Immersive Internet

ThinkBalm defines the Immersive Internet (or immersive web) as a a version of the online world that incorporates advanced technologies to enhance user engagement and blur the line between the user’s physical reality and the digital environment.

It is a collection of emerging technologies combined with a social culture that has roots in gaming and virtual worlds, opening up new dimensions in collaboration, engagement, and context.

Immersive technologies integrate virtual content with the physical environment in a way that allows the user to engage naturally with the blended reality. The user accepts virtual elements into their environment as part of the whole, potentially becoming less conscious that those elements are not part of physical reality and becoming more immersed in the experience as a result.

Immersive technologies include

  • virtual reality (VR), which replaces the user’s physical environment with digital content;
  • augmented reality (AR), which overlays digital content over the user environment; and
  • mixed reality (MR) which combines digital content with the physical environment in a way that enables interaction among and with both types of elements.

Think IMAX® movies, surround sound, and World of Warcraft® applied to the Web and business applications, and you’ve got the Immersive Internet. What we once called virtual worlds as a catch-all category now only describes one small piece of the picture.

Gaming is to be the first widely-used application of the immersive web, but as immersive technologies become more sophisticated, web-based VR, AR, MR and other immersive technologies are likely to become more common in a wide range of industries, including healthcare, retail, architecture, design, travel and real estate.

Immersive web-based shopping, for example, could allow you to

  • try out different furniture in your home,
  • try on clothes or apply cosmetics.
  • An immersive real estate app could allow the user to walk through a home for sale.

Immersive telepresence could enable virtual collaboration. A video conference is a live, visual connection between two or more people residing in separate locations for the purpose of communication. At its simplest, video conferencing provides transmission of static images and text between two locations. At its most sophisticated, it provides transmission of full-motion video images and high-quality audio between multiple locations.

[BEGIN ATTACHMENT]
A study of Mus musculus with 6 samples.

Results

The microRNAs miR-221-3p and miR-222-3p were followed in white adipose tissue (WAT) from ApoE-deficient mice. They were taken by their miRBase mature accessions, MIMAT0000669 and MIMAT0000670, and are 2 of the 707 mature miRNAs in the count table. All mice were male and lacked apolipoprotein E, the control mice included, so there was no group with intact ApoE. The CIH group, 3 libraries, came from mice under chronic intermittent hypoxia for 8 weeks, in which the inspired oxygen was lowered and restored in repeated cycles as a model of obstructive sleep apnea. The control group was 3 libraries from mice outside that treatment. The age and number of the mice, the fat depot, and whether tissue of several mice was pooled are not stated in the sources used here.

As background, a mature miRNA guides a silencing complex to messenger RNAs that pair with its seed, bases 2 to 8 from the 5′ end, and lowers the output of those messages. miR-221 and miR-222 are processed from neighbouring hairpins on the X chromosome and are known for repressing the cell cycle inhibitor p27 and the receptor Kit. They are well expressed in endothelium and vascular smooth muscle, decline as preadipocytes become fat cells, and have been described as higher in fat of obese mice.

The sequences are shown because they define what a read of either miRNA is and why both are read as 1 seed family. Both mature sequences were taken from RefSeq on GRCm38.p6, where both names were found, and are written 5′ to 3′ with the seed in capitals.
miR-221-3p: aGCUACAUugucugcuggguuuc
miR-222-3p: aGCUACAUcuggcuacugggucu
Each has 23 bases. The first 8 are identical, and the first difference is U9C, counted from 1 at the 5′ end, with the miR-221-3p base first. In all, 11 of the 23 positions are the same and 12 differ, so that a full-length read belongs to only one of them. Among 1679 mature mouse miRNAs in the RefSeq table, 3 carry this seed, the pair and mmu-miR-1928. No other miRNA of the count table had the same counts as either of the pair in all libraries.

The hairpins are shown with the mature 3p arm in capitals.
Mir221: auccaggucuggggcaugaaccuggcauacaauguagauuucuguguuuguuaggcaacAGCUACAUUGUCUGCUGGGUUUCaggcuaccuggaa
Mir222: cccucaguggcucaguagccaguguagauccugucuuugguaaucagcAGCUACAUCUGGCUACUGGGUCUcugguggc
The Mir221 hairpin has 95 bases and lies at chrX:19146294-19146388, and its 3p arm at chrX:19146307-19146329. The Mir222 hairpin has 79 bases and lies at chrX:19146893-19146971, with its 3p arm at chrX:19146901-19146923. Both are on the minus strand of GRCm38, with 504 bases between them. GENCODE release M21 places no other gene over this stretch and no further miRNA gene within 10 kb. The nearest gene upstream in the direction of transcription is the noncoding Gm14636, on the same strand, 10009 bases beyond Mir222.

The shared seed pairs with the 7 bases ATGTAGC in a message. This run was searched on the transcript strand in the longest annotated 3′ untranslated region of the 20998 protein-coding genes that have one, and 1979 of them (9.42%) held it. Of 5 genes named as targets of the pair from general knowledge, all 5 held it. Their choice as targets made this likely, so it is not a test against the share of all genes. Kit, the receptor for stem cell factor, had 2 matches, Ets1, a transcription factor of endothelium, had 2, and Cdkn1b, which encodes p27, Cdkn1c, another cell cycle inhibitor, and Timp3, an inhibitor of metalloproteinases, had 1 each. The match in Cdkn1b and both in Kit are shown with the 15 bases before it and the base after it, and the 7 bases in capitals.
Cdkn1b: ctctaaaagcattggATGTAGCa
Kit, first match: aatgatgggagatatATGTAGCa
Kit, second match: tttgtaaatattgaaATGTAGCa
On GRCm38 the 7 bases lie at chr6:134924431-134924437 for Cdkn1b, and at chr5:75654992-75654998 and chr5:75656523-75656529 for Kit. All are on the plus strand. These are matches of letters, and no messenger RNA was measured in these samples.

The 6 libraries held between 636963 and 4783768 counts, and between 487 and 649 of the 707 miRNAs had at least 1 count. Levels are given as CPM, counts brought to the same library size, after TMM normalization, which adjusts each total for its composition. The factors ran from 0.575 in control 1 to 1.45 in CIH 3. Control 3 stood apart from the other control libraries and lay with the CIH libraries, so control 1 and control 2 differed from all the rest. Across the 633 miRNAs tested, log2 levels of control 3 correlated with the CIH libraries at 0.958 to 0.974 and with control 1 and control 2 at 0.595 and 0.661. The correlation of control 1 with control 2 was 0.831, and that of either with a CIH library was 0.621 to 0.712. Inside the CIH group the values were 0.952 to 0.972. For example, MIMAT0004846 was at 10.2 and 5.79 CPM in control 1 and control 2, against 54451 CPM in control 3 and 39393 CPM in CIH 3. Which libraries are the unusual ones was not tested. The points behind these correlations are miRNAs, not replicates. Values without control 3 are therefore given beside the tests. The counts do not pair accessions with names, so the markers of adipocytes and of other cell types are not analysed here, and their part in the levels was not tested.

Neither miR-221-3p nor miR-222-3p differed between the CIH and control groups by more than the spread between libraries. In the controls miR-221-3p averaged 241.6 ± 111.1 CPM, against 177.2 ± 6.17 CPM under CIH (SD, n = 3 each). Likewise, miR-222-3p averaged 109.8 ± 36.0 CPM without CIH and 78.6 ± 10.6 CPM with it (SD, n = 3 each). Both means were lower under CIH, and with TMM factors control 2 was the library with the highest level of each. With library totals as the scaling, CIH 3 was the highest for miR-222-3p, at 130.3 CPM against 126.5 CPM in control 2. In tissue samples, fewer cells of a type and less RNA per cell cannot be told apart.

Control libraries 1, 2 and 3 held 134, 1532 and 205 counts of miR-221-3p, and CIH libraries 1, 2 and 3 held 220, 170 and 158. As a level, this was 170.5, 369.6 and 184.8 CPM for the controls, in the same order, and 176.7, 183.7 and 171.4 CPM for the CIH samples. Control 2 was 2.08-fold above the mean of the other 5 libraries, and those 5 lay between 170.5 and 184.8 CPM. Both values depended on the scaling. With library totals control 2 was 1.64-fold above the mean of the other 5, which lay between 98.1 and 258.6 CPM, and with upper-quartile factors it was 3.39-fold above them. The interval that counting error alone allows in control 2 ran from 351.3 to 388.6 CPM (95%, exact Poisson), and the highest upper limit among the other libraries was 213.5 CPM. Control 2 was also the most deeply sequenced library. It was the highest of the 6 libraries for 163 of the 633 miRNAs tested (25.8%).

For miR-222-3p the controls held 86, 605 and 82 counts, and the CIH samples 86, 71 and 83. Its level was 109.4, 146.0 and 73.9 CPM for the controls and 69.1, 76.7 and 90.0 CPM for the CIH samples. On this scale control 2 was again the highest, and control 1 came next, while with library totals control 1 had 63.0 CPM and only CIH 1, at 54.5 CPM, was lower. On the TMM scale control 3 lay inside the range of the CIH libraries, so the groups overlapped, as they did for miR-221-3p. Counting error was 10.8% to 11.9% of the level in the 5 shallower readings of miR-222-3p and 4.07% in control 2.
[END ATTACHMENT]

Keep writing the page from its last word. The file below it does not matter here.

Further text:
In architecture, immersive experiences include first-person view walk-throughs of 3D-rendered CAD (computer-aided design) building plans.

Other important elements are immersive learning environments and virtual event platforms.

What these all have in common is that they engage — even engross — the person who is using them.

Immersive technologies are increasingly emphasized in user interface (UI) and user experience (UX) design.

While designers would classically use combinations of Red, Green, and Blue, VR introduces a fourth element, which is Depth. And that can drastically change what is possible in a design.

VR is the most matured right now, but it’s also early enough to where UX patterns are still very much being defined.

Immersive web is an incredible opportunity that brings us back to the early days of the web, where everything was kind of wild and still being figured out. With that in mind, anyone could experiment with VR because it is fully accessible; the only thing users would need is an internet connection and a device. And that device could be ridiculously simple, like a cheap Android phone or a laptop.